These were the songs of summer in each year of the 1960s
Get some satisfaction with these huge summer hits from the 1960s by the Everly Brothers, the Association and more.
Beach Party, the Beach Boys, Batman on a surfboard, drive-ins, hot rods — perhaps no decade is more associated with summer than the 1960s. The 1960s were all about youth, and kids are all about summer.
Of course, there was the Summer of Love in 1967, but each sunny, school-less season was one to adore in the decade of change. Look no further than the Billboard charts, which were a bounty of perfect pop songs, exciting rock & roll, surf guitar, soul and strings.
With all the girl groups, British Invasion beat bands, psychedelic explorations and grooving R&B cuts, the decade was riddled with riches. So it can be rather difficult to narrow down each summer between 1960 and 1969 to one single song. We went with the charts, looking to see which tracks held on to the top of Hot 100 for the longest time in the summer. Beatlemania and Woodstock immediately come to mind, but these huge hits just might surprise you.
1. 1960: The Everly Brothers, "Cathy's Clown"
The brilliant harmonic duo held No. 1 from Memorial Day through the end of June with this longing love song. Clearly, across the Atlantic, John and Paul were listening closely.
2. 1961: Bobby Lewis, "Tossin' and Turnin'"
Overlooked today, this jumping number was a massive smash, dominating the pop charts from mid-July to the end of August. This horn-blasting shuffle from the Indiana-born, Detroit-bred singer would go on to become the best selling single of the year.
3. 1962: Ray Charles, "I Can't Stop Loving You"
Ray Charles was a man who could play anything and make it his own. In 1962, the pianist and singer proved the point with his Modern Sounds in Country and Western Music. While Little Eva's "The Loco-Motion," which peaked on August 25, was better suited for the beach, this laid-back country cover was as refreshing as a cold glass of sun tea.
4. 1963: Kyu Sakamoto, "Sukiyaki"
Teens were riding the wave of surf rock in the summer of 1963, as "Surfin' U.S.A.," "Wipe Out" and "Surf City" spun on radio stations around the country. Yet it would be a true rarity that set records that summer. Japanese crooner Kyu Sakamoto would score one of the few non-English No. 1s in history with "Ue wo Muite Arukō" ("I Look Up as I Walk"). The single was rather insultingly and nonsensically dubbed "Sukiyaki" in America, named after a dish of thinly sliced beef. It topped the charts here for most of June and would sell about 13 million copies worldwide.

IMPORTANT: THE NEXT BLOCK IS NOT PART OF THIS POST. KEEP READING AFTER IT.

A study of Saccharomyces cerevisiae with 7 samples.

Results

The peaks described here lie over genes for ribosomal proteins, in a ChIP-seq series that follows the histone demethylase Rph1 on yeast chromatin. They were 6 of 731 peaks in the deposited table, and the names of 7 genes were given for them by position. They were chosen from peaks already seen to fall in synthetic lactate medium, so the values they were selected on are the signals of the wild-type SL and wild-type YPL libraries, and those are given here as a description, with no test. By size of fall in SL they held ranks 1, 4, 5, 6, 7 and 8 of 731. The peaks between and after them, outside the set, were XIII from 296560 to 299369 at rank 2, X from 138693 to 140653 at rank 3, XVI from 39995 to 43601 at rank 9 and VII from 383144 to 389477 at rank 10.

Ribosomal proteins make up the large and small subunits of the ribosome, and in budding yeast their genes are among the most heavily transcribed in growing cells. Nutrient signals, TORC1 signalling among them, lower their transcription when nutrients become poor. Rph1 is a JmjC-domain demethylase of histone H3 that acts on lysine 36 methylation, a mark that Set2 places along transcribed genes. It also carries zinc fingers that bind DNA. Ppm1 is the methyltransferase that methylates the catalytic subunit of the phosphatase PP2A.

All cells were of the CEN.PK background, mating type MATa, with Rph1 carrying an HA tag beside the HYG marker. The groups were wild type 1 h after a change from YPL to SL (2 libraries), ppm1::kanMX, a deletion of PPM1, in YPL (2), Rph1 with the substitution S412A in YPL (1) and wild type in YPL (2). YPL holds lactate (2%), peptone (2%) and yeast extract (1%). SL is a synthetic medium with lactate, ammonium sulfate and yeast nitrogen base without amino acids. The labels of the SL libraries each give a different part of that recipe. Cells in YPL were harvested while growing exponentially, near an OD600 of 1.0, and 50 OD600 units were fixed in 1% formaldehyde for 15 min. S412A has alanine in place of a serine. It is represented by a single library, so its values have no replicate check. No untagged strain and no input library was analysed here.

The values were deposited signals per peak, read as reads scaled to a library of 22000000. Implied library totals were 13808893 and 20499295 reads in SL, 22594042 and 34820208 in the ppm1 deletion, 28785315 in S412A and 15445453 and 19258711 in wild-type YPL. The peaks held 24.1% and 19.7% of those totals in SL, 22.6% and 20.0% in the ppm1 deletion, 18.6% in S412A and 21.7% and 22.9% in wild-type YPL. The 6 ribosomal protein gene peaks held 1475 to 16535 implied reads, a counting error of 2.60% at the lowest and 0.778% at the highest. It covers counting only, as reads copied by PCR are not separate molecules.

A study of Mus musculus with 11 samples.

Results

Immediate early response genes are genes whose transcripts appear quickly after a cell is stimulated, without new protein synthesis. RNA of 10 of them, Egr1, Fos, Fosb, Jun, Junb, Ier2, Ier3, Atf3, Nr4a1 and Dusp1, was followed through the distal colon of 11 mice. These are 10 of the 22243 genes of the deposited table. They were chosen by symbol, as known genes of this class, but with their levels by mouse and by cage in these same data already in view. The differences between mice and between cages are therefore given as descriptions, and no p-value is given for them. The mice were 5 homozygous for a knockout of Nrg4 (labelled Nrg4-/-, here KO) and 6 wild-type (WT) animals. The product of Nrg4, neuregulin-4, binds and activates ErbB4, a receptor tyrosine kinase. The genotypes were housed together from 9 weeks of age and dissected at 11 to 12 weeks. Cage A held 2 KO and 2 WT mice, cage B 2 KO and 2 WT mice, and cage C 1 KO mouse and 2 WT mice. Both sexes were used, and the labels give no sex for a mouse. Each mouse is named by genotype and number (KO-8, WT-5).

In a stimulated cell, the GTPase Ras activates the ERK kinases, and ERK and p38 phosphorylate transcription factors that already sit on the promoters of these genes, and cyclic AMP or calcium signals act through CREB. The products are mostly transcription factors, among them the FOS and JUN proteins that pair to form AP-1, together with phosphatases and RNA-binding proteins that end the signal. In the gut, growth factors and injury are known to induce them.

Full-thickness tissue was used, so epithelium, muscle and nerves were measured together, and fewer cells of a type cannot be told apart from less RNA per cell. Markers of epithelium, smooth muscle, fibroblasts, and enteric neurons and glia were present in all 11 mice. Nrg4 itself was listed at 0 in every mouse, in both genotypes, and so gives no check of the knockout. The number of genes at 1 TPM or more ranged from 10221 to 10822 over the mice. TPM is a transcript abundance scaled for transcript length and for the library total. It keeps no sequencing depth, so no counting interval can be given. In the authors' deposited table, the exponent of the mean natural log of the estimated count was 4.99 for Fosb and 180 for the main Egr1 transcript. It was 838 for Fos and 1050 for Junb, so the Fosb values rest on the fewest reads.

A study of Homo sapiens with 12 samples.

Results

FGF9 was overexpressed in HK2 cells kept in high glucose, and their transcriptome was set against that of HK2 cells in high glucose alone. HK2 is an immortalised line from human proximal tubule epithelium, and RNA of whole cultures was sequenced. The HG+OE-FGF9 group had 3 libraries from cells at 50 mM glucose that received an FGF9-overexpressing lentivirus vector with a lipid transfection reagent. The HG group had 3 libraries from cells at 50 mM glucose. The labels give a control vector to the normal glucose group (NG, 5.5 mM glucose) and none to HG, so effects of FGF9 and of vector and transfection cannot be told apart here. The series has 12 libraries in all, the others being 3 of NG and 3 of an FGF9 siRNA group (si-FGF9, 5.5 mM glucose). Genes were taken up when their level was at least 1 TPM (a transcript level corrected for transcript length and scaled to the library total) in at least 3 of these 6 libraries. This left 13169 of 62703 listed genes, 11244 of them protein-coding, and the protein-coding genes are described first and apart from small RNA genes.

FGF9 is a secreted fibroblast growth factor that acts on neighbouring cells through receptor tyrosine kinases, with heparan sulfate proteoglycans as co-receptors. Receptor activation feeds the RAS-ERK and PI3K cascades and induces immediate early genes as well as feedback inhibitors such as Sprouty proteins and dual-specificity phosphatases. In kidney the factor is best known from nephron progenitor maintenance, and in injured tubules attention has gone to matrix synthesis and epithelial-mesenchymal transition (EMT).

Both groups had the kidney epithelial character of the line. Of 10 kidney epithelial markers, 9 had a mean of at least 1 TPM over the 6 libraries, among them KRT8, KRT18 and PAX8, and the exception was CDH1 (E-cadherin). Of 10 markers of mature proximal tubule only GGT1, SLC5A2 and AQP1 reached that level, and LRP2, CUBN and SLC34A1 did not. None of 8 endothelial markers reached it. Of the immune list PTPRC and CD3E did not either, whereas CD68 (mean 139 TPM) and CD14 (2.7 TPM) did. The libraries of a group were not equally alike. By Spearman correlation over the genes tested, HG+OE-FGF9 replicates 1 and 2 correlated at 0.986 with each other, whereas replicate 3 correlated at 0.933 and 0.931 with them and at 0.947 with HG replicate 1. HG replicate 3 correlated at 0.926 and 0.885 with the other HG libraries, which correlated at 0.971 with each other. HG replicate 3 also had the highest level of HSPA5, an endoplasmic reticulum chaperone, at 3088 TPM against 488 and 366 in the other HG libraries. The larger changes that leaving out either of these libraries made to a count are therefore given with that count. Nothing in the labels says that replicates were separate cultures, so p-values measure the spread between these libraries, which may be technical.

5. 1964: The Beach Boys, "I Get Around"
The Beach Boys inevitably had their day, scoring their first No. 1 with this. "I Get Around" landed at the top of the charts on July 4, which is perfect for an act as American as baseball and apple pie. The Boys were seen performing the cut in the concert film T.A.M.I. Show that summer.
6. 1965: The Rolling Stones, "(I Can't Get No) Satisfaction"
Literally dreamt up in his sleep, that Keith Richard riff is immortal. The buzzing guitar line still sends shivers. By this point, the British Invasion was in full effect, with Herman's Hermits and the Yardbirds also charting top hits. No beach blanket bingo that summer would have been complete without some American jams, too, especially Sam the Sham and the Pharaoh's "Wooly Bully."
7. 1966: The Lovin' Spoonful, "Summer In The City"
Everyone across the country was still "California Dreamin'" with the Mamas and the Papas, but it would be the Lovin' Spoonful that provided the soundtrack to summertime in the city with this bluesy bubblegum hit. People today overlook just how huge this band was.
8. 1967: The Association, "Windy"
Atop the charts for most of July — eventually replaced by the Doors and the darker "Light My Fire" — "Windy" is the epitome of breezy pop.
9. 1968: Herb Alpert, "This Guy's in Love With You"
Alpert is best known for his perky trumpet and bubbly instrumentals with Tijuana Brass, yet from mid-June to mid-July in 1968 he showed off his pipes by singing this ballad, co-written by Burt Bacharach and Hal David.
10. 1969: Zager & Evans, "In The Year 2525"
In the late '60s, images from Star Trek, Planet of the Apes and 2001: A Space Odyssey were still reeling in the minds of youth. So it's no wonder that this sci-fi folk number stayed at No. 1 for six weeks. Only spring hits "Get Back" by the Beatles and hippie anthem "Aquarius/Let The Sunshine In" would equal that feat that year.